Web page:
OAO RusHydro, the Russian renewable energy producer that has lost about 40 percent of market value in the past year, rallied in Moscow and New York as company officials take advantage of the decline to buy back stock.
American depositary receipts of the state-run power company jumped 4 percent to a one-month high of $1.84 in New York, following a 1.3 percent advance of the stock on Moscow’s Micex Index to the highest close since April 2. RusHydro led gains on the Bloomberg Russia-US Equity Index of the most-traded Russian stocks in the U.S., which was little changed at 95.37.
RusHydro, which slumped to a record low in New York April 19, follows OAO Lukoil and CTC Media Inc., Russian companies planning buybacks or whose executives have purchased shares as the Micex gauge slid to the cheapest level since June last month. George Rizhinashvili, a RusHydro deputy chairman, boosted his stake almost sixfold since November, company filings showed, and management may buy more stock, according to Timur Ahmedzhanov, head of investor relations.
“When management votes for the stock with its own ruble, there could be no better reason for the market to reconsider the stock,” Mark Rubinstein, head of research at IFC Metropol in Moscow, said in a telephone interview yesterday. “It’s a very positive sign. Management knows better than analysts how the company is really doing.”
RTS Index futures were little changed in U.S. hours at 140,740. The Market Vectors Russia ETF, the largest dedicated Russian exchange-traded fund, decreased 0.6 percent to $27.13. The RTS Volatility Index, which measures expected swings in futures, fell 1.4 percent to 20.40.
RusHydro rose to 58.33 kopeks, or 1.9 cents, in Moscow yesterday. Rizhinashvili increased his stake to 0.017 percent from 0.0029 percent in November, when he first bought shares of RusHydro, according to regulatory filings.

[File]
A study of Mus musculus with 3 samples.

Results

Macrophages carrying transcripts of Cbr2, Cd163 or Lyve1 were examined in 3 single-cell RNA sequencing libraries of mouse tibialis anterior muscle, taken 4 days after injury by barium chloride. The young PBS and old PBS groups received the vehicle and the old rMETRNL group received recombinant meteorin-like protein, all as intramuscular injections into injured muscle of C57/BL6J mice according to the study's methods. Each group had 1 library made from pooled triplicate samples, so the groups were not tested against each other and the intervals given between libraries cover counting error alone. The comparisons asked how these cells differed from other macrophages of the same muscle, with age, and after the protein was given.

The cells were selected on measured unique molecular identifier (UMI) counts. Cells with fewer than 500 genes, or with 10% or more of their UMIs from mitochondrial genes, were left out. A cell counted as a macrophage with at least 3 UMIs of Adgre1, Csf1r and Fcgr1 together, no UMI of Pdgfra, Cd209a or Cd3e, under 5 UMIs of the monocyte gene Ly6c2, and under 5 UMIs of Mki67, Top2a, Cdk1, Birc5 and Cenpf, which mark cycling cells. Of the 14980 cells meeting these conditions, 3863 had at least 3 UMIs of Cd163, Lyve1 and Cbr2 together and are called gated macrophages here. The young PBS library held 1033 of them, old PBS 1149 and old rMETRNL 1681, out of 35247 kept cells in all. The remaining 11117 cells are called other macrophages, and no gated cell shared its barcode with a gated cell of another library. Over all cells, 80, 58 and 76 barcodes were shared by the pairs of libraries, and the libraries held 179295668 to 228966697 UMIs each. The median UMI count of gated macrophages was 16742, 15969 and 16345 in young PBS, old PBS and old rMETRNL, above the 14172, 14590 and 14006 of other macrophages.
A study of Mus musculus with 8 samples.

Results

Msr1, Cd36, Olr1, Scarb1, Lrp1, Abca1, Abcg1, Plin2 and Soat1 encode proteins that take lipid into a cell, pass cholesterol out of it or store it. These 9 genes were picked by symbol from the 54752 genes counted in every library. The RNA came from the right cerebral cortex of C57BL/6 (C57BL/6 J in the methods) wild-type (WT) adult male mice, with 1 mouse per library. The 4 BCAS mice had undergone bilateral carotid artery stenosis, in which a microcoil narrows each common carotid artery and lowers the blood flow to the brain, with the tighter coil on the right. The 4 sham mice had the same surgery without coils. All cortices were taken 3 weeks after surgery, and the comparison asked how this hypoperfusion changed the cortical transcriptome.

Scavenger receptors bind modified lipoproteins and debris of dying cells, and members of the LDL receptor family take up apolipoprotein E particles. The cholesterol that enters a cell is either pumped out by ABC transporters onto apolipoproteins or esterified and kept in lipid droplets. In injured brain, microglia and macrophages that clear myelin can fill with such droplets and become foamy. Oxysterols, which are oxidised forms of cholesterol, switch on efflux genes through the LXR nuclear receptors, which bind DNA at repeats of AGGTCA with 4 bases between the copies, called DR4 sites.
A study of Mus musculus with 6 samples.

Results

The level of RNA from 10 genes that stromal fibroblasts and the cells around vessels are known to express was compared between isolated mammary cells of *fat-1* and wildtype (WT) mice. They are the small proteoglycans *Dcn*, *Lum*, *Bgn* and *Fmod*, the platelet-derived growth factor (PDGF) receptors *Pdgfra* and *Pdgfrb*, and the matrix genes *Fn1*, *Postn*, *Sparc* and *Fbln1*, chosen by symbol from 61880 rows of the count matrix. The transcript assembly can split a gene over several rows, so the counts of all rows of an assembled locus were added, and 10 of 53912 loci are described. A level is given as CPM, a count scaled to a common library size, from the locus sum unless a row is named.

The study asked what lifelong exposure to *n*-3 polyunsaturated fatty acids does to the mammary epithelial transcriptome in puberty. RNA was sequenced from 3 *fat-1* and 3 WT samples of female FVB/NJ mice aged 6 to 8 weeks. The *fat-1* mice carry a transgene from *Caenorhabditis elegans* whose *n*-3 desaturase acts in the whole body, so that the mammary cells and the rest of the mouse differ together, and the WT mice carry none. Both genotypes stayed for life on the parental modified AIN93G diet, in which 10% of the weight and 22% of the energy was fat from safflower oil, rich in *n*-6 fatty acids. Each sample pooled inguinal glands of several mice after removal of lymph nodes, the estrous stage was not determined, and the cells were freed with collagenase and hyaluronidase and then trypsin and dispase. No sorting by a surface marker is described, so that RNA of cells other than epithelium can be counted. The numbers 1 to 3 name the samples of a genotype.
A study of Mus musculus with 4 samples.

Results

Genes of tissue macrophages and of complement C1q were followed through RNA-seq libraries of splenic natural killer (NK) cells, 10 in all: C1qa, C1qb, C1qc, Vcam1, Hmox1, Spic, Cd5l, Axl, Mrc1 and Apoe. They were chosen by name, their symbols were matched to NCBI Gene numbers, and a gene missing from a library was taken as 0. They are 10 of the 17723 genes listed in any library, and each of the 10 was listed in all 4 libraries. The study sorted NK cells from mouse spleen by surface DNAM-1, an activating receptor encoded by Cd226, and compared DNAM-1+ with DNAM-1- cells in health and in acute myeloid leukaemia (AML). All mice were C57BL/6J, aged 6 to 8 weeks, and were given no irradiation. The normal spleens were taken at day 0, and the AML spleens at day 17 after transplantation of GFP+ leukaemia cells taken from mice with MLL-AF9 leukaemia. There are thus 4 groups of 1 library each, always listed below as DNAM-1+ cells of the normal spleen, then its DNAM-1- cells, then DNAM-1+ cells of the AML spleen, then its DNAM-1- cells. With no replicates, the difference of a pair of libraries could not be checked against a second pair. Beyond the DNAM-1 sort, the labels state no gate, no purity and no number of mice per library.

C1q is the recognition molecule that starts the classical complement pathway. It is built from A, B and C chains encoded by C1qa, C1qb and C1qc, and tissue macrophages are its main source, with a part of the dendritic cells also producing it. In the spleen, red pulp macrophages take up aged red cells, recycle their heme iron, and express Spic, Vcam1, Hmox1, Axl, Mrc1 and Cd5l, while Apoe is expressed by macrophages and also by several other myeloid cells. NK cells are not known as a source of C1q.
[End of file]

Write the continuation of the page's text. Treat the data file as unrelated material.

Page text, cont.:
“Management knows the company really well and they spend their own bonuses to buy the stock,” Ahmedzhanov, Moscow-based head of investment relations at the company, said by phone yesterday. “Investors like that.”
RusHydro has tumbled 51 percent in Moscow from last year’s high on March 5 as the government limits power tariff increases and the Interior Ministry probes alleged embezzlement at the company. Vladimir Pekhtin, who resigned from the lower house of parliament in February after bloggers published documents showing he owned luxury property in Miami, has been approved to RusHydro’s board, according to a statement last month.
RusHydro is expected to decide on its 2012 dividends by the end of the month, according to Moscow-based analysts Sergey Beiden at Otkritie Financial Corp. and Fedor Kornachev at ZAO Raiffeisenbank. The company, which posted an adjusted net income of 31.8 billion rubles ($1.02 billion) last year, paid about 10 percent profit in dividends in 2011, Beiden said. Russia requires that all government-backed companies pay no less than a quarter of profit as dividends.
There is a “good chance” the company will meet the government’s requirement already for its 2012 dividends, Otkritie’s Beiden said.
CTC Media Inc., the Nasdaq-listed Russian television network, gained 0.4 percent to $11.40 in New York, the biggest advance since April 29. The board approved a 2.5 million share buyback program, Chief Executive Officer Boris Podolsky said on a March 6 conference call.
OAO Lukoil is “ready” to buy back shares when the price falls, Deputy Vice-President Andrei Gaidamaka said in November. Chief Executive Officer Vagit Alekperov and his deputy Leonid Fedun spent $260 million to buy the oil producer’s shares, according to December regulatory filings.
Lukoil rose 0.1 percent to $64.73 in New York yesterday, while adding 0.6 percent to 2,014.90 rubles, or $64.90, in Moscow.
Russia’s Micex Index trades at 5.3 times estimated earnings, the lowest valuation among 21 emerging markets tracked by Bloomberg. That compares with a valuation of 10.8 for Brazil’s Bovespa index and 9.2 times for the Shanghai Composite Index. The Russian gauge rose 0.4 percent to 1,413.43 yesterday in a second day of gains.
Ruble futures showed the currency unchanged at 31.99 per dollar in U.S. hours. Russia’s ruble gained less than 0.1 percent to 31.04 per dollar yesterday and rose 0.2 percent to 35.3305 against the dollar-euro basket used by the central bank to manage swings that erode exporter competitiveness.
Crude oil for June delivery increased 0.6 percent to $96.16 a barrel on the New York Mercantile Exchange yesterday. Brent oil for June settlement added 1.3 percent to $105.46 a barrel. Urals crude, Russia’s major export oil blend, jumped 2.9 percent to $104.83 per barrel.
United Co. Rusal, the world’s largest aluminum producer, rose 2.3 percent to HK$4.03 in Hong Kong trading as of 10:13 a.m. local time. The MSCI Asia Pacific Index gained 1.1 percent.